Welcome to Things we read this week, a weekly post featuring articles from around the internet recommended by BMJ’s Digital Group members. These are articles we’ve read and liked, things that made us think and things we couldn’t stop talking about.
- The Tender Document for the European Commission’s Open Access Platform Asks for an Awful Lot for Not Very Much
Martin Paul Eve reviews the tough platform requirements new European Commission’s open-access platform. (Suggested by Claire Rawlinson, Publisher)
- Rethinking newsroom innovation
Lessons from BBC News Labs‘s inaugural Media Innovation Unconference.
- A Reality Check on Author Access to Open Access Publishing
Hilda Bastian tries to work out how many English, biomedical journals with DOIs that are indexed in Medline do not charge APCs? (Answer 105 but see caveats)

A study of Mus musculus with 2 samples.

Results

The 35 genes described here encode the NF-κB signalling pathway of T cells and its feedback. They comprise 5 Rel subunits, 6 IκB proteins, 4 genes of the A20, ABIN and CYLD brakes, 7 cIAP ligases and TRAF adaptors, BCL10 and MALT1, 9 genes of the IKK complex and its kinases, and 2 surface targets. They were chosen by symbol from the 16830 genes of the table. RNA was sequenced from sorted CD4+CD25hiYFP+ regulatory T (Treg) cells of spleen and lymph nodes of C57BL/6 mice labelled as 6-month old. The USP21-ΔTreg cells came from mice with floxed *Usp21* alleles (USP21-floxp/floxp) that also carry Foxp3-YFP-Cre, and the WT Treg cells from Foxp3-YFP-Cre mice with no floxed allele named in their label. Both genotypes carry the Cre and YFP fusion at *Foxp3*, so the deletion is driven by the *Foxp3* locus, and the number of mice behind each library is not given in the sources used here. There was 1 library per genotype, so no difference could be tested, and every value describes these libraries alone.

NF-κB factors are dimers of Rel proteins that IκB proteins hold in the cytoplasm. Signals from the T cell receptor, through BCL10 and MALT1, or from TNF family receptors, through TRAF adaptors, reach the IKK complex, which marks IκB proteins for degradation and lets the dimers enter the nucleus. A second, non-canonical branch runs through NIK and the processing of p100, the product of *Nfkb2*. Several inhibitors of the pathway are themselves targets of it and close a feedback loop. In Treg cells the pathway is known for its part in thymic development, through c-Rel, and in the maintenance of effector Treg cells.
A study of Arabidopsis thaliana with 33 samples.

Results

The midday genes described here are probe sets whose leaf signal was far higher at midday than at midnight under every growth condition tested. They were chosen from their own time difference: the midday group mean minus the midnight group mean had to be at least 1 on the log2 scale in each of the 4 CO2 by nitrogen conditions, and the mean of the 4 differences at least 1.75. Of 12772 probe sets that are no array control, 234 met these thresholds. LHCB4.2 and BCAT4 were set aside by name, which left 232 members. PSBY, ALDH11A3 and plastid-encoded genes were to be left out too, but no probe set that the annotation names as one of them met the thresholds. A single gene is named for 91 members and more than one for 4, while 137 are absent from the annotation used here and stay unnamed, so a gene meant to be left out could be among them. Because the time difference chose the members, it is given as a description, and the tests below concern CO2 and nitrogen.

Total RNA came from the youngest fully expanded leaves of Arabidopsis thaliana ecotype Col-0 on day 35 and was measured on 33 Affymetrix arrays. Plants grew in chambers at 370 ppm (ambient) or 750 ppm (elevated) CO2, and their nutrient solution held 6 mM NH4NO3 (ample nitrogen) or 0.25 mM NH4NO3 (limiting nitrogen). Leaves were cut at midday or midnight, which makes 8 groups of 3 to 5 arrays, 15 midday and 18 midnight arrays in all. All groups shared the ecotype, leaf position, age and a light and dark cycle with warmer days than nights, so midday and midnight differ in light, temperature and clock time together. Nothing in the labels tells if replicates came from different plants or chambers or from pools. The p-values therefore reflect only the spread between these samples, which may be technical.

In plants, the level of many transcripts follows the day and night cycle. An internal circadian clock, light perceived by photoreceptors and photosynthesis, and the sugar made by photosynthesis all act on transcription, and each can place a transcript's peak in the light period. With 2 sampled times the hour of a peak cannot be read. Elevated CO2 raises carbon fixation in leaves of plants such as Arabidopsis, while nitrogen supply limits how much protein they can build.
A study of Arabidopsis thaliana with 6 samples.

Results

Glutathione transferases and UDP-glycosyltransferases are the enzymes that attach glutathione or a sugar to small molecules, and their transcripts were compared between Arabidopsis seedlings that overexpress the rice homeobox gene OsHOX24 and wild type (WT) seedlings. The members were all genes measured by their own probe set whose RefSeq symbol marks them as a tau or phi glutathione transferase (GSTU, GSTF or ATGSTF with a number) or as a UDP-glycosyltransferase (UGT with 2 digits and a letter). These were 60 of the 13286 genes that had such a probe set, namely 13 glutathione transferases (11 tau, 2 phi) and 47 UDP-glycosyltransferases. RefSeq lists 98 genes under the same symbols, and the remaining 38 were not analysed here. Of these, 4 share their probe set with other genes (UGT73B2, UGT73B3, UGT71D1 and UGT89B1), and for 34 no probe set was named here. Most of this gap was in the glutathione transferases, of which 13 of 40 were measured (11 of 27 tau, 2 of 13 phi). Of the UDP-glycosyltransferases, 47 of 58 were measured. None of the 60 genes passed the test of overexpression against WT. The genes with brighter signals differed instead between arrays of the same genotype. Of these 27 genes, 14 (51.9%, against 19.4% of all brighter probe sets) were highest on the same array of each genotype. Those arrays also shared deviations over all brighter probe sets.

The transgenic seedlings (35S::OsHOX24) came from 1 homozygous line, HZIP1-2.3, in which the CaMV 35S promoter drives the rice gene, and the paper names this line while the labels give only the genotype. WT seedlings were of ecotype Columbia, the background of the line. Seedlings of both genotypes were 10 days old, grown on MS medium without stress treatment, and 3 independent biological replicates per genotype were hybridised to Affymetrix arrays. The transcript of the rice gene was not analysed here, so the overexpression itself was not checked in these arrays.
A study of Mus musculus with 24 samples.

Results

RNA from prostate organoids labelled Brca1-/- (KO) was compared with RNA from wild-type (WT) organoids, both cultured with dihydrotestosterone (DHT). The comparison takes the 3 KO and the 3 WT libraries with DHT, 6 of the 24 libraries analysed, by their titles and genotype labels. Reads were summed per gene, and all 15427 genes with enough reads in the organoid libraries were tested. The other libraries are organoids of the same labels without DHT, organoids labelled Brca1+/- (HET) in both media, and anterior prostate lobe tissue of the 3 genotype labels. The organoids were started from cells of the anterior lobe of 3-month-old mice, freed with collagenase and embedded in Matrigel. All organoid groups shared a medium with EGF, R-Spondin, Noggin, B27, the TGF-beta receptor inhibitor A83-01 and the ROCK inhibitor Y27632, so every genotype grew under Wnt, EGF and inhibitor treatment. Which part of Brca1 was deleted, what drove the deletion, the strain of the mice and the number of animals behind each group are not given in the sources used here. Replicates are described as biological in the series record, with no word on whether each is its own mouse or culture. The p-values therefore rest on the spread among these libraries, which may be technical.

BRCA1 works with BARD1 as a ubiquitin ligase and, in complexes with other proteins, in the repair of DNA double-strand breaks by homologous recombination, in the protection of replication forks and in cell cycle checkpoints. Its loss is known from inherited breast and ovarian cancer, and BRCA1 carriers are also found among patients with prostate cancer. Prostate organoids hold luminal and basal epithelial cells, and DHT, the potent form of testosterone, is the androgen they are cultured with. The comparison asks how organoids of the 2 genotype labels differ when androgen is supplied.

- What’s wrong with the JIF in 5 graphs
Scholars love to hate the journal impact factor, but Dalmeet Singh Chawla asks how flawed is it?
- The Scientific Paper Is Obsolete
James Somers writes about the future of the scientific papers (computational notebooks) in The Atlantic.
- Journal coverage of the Emerging Sources Citation Index
A study looking at the Emerging Sources Citation Index (ESCI) found that 19.3% of the ESCI journals are not covered by any other A&I databases. “This low coverage suggests that the selection criteria for ESCI journals are not consistent with the overall trend in the other classical citation indexes.” (Suggested by Henry Spilberg, Associate Publisher)
- Mark Little: No, we are not building a Netflix for News
Interesting parallels between ‘Netflix for news’ and ‘iTunes for papers’ discussions. There’s some food for thought in here for academic publishers.